Forget the predictions, the picks and the stat and depth comparisons. Tonight, finally, it's just hockey.
Their series starts with an unusual back-to-back Games 1 and 2 tonight and Friday night. (Aside: Back in the day, this was how all playoff series began.) Here are some themes to ponder until we can start talking about what's actually happened in this series.
Injuries: They Have Them
The Islanders should be deep; the Panthers truly are.
New York's depth has taken a hit thanks to injuries to Anders Lee, Mikhail Grabovski and Jaroslav Halak -- though the latter at least has a strong replacement in Thomas Greiss. Lee's late-season leg break really hurts, as he's the only Islander who can be counted on to screen and command attention in front of the net on the power play. Brock Nelson will try to take on that role.
In good news for the Isles, Travis Hamonic looks ready to go after missing the final two weeks of the season with a knee injury.
The Panthers are relatively healthy, with Vincent Trochek (25 goals at age 22) their most significant injury, though he's expected to be available later in the series. Erik Gudbranson is expected back for Game 1. Willie Mitchell has been out a long while, but he's...not so essential these days.
Can the Islanders' Experience Give Them an Edge?
So the Islanders are hardly grizzled playoff veterans, but they do have two hard-fought appearances in the last three seasons, with a core that fully believes it's learned its lessons and is no longer just happy to be here long enough to put the scare in a better opponent.
Certainly if there's anything to that, one component will be that they know how smart physicality can really wear down an opponent over a seven-game series.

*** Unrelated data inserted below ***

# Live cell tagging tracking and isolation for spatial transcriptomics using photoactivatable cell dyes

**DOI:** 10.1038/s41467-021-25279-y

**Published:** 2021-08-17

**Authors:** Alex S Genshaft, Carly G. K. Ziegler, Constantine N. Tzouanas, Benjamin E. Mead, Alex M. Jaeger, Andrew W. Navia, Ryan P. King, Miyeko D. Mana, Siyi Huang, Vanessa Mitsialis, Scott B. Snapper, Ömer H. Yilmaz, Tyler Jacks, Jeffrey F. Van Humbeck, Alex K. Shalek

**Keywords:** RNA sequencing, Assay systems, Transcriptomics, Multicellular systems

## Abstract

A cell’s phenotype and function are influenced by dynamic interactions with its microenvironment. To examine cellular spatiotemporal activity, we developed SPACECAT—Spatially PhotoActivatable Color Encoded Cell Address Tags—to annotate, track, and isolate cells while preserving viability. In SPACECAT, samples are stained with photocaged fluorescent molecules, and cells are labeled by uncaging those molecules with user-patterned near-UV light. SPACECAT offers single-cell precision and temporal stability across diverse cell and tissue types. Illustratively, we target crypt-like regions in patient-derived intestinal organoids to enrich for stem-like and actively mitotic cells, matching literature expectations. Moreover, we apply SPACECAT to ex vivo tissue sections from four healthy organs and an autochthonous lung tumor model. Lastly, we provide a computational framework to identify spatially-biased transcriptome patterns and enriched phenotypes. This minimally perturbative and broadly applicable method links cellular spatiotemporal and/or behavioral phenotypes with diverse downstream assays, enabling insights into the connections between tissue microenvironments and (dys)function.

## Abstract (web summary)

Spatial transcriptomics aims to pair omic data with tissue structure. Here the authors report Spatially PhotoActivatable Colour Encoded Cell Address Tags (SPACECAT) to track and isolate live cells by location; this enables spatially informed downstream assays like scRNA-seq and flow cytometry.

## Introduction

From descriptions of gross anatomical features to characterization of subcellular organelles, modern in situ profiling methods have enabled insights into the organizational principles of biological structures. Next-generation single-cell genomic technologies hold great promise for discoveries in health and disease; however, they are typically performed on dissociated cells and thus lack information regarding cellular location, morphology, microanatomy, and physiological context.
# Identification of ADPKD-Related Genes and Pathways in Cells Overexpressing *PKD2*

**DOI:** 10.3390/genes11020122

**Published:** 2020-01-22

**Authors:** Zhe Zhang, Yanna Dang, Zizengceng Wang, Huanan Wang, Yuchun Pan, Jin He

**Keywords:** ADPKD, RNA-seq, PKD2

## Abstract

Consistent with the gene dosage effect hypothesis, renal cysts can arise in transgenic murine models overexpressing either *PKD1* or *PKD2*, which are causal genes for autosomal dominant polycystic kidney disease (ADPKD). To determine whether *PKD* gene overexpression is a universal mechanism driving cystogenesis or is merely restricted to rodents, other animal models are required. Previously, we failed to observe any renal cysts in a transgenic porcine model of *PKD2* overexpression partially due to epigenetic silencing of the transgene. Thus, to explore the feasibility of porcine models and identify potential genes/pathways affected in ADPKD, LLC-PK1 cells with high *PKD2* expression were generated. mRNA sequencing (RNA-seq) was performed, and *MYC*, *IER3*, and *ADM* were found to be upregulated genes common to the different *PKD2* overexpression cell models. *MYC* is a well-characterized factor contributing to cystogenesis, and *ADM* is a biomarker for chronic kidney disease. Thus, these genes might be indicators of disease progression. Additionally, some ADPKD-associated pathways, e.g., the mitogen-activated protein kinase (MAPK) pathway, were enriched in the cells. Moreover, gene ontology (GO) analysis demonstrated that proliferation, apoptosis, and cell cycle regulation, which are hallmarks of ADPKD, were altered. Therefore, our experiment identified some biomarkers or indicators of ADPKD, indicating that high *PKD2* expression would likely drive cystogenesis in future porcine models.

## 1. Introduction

No surprise that people like Mike Rupp (who also dished out the ol' "best fourth line in hockey" line) would point to the fourth line:
[Barclays Center] is a nice barn, but it’s built for concerts. It’s weird because the scoreboard is off-center, and the acoustics make the crowd really loud. When they throw that fourth line out there, the puck gets dumped in deep, you can just feel the crowd coming alive. It’s like a slow rise in noise. Matt Martin hits a guy, boom! The building roars. Then Clutterbuck hits a guy, now it’s deafening. They thrive off that fourth line.
Which Goalie Performs Better?
In his biggest workload ever, Thomas Greiss (.925) had sterling, bound-to-come-back-to-earth numbers through the first three quarters of the season. His shoring up the backup position was a necessary ingredient to the Isles returning to the playoffs.
But his regression to closer to normal coincided roughly with Halak going down with injury. Too much work? Too much pressure? The latter is unlikely, the former is a possibility.
Roberto Luongo, meanwhile, is still very good (.922) at age 37 and appeared in 62 games. You could argue he stole one of the Panthers' wins over the Isles, which ended in a circus shootout where neither goalie could stop a puck. He's playoff seasoned, he's in form, and it would be so Islanders for another Milbury error to still haunt them in 2016.
It's a playoff cliche, but given the Panthers' other strengths, Greiss probably has to be the better goalie for the Isles to get four wins.
Does Age Catch up to Jagr in the Playoffs?
Jaromir Jagr is amazing, full stop. Still, at age 44. But there is a theory that the elder and destined Hall of Famer has trouble at this age with the tighter blanket checking and randomly disappearing officiating of the playoffs. In 33 playoff games since returning to the NHL in his 40s, he has one goal (albeit on loads of shots). He still racks up assists, but maybe, just maybe the playoffs are no longer his area to shine.
Not that it matters all that much; the Panthers are deep -- and his linemates dangerous -- even if he's not scoring.